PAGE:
In late April, Roku, the leading TV streaming platform in the U.S., has sent an email to its users where it notified them that Google’s live TV streaming service, YouTube TV, may no longer be available on its platform because of Google’s anti-competitive demands.
Why you should care about Roku vs Google
“We are sending this email to update you on the possibility that Google may take away your access to the YouTube TV channel on Roku,” the email stated. ”Recent negotiations with Google to carry YouTube TV have broken down because Roku cannot accept Google’s unfair terms as we believe they could harm our users. We will always stand up for our users, which is why we cannot accept Google’s unfair and anticompetitive requirements to manipulate your search results, impact the usage of your data and ultimately cost you more.”
The preferential access wars between platforms
At that time, Roku accused Google of trying to force the platform to grant preferential access to its consumer data by threatening them with the removal of the streaming television service YouTube TV. Unfortunately, the two sides haven’t been able to agree on a new deal, which is why Roku has pulled YouTube TV from its channel store as of Friday, the same day when Roku and Google’s distribution agreement in regards to YouTube TV expired.
Google stands firm in the face of the allegations
However, while Google has indeed allowed its distribution agreement to expire for YouTube TV – which ultimately means that with YouTube TV’s removal from Roku’s channel store, new subscribers will no longer have access to it – Roku has assured its customers that it took an “extra step to continue to offer existing subscribers access to YouTube TV on the Roku platform unless Google takes actions that require the full removal of the channel.”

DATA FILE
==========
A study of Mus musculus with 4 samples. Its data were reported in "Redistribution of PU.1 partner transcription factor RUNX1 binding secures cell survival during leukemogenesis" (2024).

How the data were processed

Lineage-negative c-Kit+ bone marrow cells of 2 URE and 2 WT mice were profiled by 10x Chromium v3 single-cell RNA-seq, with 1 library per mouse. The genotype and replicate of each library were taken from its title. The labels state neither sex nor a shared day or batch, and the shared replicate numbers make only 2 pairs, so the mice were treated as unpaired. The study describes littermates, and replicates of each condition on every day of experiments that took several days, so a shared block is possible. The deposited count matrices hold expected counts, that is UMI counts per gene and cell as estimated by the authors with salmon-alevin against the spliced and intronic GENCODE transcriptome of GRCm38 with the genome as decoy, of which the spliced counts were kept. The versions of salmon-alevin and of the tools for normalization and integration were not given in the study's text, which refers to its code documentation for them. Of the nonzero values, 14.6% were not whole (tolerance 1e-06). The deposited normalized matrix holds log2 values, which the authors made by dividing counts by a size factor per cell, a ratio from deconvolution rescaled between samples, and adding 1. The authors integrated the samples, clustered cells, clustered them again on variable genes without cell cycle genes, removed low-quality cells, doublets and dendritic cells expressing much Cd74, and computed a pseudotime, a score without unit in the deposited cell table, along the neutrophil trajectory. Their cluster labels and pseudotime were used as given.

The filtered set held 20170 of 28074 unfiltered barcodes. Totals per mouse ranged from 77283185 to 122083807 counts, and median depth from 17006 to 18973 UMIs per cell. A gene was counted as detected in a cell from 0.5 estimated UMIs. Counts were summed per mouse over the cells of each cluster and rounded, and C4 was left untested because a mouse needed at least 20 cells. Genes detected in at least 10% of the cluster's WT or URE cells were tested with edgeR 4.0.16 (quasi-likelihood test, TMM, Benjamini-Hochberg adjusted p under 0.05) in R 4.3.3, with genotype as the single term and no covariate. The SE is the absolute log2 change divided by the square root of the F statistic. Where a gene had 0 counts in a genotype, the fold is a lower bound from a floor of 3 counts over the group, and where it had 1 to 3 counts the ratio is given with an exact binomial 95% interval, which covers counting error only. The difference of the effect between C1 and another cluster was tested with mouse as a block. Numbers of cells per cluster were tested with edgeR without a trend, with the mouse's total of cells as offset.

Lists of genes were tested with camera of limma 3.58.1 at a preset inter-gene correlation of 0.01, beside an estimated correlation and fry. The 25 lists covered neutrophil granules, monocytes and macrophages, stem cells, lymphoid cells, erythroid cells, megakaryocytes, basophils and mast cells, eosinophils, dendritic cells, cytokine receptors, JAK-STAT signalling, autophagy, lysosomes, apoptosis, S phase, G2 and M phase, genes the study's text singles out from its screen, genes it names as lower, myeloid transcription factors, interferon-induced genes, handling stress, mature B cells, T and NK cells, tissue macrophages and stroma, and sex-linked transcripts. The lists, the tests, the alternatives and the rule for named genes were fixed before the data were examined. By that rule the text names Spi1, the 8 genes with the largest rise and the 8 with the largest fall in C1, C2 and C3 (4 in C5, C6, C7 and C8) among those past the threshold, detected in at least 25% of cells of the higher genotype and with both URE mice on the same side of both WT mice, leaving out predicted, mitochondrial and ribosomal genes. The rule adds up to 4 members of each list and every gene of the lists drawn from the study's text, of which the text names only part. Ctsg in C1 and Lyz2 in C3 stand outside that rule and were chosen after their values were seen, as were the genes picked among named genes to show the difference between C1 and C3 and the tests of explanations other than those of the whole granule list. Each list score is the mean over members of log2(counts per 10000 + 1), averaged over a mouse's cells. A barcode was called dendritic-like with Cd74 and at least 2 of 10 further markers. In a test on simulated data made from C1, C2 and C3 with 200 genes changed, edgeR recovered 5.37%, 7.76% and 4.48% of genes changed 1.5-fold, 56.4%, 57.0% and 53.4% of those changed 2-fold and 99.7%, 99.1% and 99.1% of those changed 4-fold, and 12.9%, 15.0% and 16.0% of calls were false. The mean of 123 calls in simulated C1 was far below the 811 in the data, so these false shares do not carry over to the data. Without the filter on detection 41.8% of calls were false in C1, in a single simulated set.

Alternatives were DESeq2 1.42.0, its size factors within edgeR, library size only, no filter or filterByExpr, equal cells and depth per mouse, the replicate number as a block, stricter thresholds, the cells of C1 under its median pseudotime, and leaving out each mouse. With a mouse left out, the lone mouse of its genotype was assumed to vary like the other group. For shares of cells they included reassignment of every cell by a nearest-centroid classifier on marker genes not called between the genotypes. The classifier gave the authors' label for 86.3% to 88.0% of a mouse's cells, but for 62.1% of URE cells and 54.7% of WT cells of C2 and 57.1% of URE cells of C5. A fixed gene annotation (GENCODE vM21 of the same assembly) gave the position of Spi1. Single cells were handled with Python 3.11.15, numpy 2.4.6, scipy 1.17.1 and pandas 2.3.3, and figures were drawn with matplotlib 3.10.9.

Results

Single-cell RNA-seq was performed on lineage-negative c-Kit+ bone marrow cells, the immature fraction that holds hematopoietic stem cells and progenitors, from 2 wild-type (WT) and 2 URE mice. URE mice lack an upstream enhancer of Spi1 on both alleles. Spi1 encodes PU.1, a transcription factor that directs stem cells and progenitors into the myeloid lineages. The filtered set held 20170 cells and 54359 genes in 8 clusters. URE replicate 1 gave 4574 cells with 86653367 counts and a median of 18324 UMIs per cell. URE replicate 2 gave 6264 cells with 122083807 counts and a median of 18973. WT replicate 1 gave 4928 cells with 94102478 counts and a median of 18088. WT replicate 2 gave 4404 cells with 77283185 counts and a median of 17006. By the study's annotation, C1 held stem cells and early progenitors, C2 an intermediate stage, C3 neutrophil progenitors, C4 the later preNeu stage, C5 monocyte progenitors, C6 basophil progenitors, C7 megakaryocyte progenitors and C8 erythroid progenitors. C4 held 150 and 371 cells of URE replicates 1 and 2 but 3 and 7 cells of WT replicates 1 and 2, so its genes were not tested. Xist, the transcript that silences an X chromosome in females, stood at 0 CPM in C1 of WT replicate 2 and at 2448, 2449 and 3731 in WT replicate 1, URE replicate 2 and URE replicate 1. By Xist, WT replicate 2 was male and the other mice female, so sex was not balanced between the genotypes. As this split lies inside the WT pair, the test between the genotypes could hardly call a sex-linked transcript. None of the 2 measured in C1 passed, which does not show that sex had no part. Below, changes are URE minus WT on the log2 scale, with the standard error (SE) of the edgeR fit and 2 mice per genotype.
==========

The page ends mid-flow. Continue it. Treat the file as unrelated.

This means that the expiration of the distribution agreement does not include the regular YouTube app which still remains available for free to existing subscribers on Roku devices. Even so, Roku warned in an email sent on 30 April that, “it is also important that you do not delete the YouTube TV app as it will not be available for download to Roku devices.”
What it means for the end-user
Google’s response came the same day in the form of a blog post which claims that “despite our best efforts to come to an agreement in the best interests of our mutual users, Roku terminated our deal in bad faith amidst our negotiation“ and assures that the company is “committed to ensuring our members continue to have access to YouTube TV and will continue advocating on behalf of our members.” In essence, the programming blackouts that have grown to the status of a standard on cable and satellite TV are moving to the streaming world.